Kids Say the Darndest Things / Politics Strikes Again
Dear Dr. Hurd,
I have raised my son by myself since my divorce eight years ago. He has no real issue with the fact that my coming out gay was one of the primary reasons for the divorce. Though I have dated on and off in the past, I finally met a man with whom I am truly compatible. And my son hates him.
I’ve tried to talk to my son about it and all I get is things like, “Dad, he’s not good for you” or, “You can find better.” Frankly, in my mid-40s, the likelihood of that diminishes with every year. Do I just lay the law down to my son (it won’t be pretty) or break up with my great new friend?
Dr. Hurd replies,
I wouldn’t quite call it “laying down the law,” but it is your life nonetheless. Your son does not get to choose your spouse or romantic partner, any more than you get to choose his. I don’t know your son’s age, but obviously you still have responsibilities toward him. But just how far do those responsibilities go? In my view, not to the point of sacrificing your personal happiness.
And even if you did, what kind of lesson would that teach him, anyway? That it’s healthy and rational to be a martyr? That sounds to me like a good way to foster a sociopath or a narcissist. Or a guilt-ridden sad sack who spends his life feeling, “My father gave up the love of his life and it’s all my fault.” Not good!
Rather than laying down the law, just be kind, tolerant and patient—while firmly holding your ground. Treat it as a process. Have boundaries. No nonsense. He doesn’t get to treat your loved one with nastiness. Encourage him to candidly (and privately) tell you what he thinks and feels, and why. Don’t censor him, but definitely don’t budge on the fact that he has to respect your choice, just as you will have to respect his someday.
Don’t hold your happiness hostage to your son’s issues or developmental growth. Problems like this truly are opportunities. You now have a chance to show—not just teach, but actually show—your son the virtues of integrity and standing by your own happiness and convictions. Perhaps he will learn to do the same for himself as he matures. And don’t take any of it personally. His reaction is a normal part of his personal growth.
Dear Dr. Hurd,
My partner and I have been together over 20 years. We have always been amused by the fact that we are dedicated to different political parties. And up to now that has not been an issue in the slightest. But recently she has taken to insults, parroting that day’s “news” back to me (much of which I know is false) and making militantly snide comments. Nothing political is worth losing the love of my life, but she’s drifting away from me nonetheless. It’s like she’s a different person and it’s making me very sad.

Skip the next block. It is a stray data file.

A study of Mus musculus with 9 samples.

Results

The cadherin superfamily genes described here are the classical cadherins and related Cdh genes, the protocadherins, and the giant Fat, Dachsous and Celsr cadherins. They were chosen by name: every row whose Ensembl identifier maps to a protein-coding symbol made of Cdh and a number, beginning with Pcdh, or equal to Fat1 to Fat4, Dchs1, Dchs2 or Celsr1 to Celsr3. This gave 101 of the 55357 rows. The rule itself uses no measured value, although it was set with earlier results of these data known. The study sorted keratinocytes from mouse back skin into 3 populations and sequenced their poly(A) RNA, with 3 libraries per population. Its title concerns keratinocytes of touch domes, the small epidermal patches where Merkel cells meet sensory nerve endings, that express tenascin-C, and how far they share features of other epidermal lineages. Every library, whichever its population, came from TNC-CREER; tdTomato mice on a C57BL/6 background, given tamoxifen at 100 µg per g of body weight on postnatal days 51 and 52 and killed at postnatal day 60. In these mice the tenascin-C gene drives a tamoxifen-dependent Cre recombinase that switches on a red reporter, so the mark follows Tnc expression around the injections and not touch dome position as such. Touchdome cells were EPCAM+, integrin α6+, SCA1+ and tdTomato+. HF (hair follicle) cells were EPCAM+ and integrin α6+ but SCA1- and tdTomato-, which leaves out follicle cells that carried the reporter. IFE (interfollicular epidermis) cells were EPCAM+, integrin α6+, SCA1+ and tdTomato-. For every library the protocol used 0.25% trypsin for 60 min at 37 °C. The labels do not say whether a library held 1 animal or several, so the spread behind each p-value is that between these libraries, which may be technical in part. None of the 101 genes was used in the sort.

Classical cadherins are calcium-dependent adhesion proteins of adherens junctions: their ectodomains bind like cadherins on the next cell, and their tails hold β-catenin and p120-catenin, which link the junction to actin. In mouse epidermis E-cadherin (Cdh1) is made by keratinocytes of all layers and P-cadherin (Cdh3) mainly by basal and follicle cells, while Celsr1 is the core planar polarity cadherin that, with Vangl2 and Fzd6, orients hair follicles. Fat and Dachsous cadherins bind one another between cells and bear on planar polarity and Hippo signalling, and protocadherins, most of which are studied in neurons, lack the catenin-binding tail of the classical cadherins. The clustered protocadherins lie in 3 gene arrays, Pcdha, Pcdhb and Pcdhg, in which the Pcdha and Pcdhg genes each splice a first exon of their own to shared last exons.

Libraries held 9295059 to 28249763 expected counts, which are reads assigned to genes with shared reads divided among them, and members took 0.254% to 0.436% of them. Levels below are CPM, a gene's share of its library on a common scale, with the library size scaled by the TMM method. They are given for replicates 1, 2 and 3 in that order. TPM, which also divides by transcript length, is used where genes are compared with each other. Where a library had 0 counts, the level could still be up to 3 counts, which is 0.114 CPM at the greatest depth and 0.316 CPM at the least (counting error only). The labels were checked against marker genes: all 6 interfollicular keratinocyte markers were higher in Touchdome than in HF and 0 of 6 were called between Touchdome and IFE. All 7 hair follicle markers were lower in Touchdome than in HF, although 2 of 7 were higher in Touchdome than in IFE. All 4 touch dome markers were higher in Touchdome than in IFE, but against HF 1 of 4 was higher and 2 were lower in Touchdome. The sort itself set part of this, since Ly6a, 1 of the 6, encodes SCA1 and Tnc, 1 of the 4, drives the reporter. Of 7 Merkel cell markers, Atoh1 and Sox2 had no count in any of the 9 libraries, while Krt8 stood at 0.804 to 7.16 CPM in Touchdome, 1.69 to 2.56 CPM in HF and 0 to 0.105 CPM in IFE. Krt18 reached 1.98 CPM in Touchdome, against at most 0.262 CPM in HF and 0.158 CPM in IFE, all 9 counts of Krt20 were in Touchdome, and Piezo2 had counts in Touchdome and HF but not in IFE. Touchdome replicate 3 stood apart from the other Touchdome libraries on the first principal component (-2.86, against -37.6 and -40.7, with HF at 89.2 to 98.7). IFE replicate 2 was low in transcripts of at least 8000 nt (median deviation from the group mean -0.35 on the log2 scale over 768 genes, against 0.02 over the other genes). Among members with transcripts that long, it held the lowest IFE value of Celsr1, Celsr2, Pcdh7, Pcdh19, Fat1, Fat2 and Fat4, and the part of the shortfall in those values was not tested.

Dr. Hurd replies,
I can tell you this much: The main issue isn’t politics. The issue is respect. If you don’t respect someone, you cannot be friends with her, much less love her. Rather than dwell on the political issues, I suggest that you ask her what’s really going on. It’s up to her to tell you; she may be hiding it, or perhaps she hasn’t yet articulated it to herself, and consequently not to you.
Politics is a branch of philosophy. Any view of politics stems directly from one’s view of ethics. And while it’s possible to claim no opinion about politics, it’s impossible to escape an opinion about ethics. “What should I do? What’s the right thing to do, and why?” These are ethical questions one is faced with nearly every day. And any action one takes is, in some form, an answer to those questions.
When you disagree with someone while still respecting them, it means you trust and agree with their basic goals. “I understand you want liberty and justice. I do too. But I don’t think you get there this or that way, and here’s why.” Everyone can agree that rational discussion about politics has collapsed in our society. Why? Either people no longer want the same outcomes, or they’ve lost sight of the fact that they still do. For that reason, friends and associates are cutting each other off over politics as I have never seen before.
People who claim to be big on tolerance do not always display it when they deal with dissenters. Their attitude seems to be, “You don’t agree with me, so that makes you horrible and evil. I’m done with you.” However, it’s not quite so easy in a romantic relationship. One doesn’t have the luxury of simply clicking delete, blocking, or cyber-unfriending one’s spouse of 20 years. In a way, that’s good. Maybe there’s still hope here. No matter how this plays out, at least you’ll have resolution.
Michael J. Hurd, Ph.D., LCSW is a psychotherapist and author. His office can be reached at 302-227-2829. Email questions or comments to Dr. Hurd.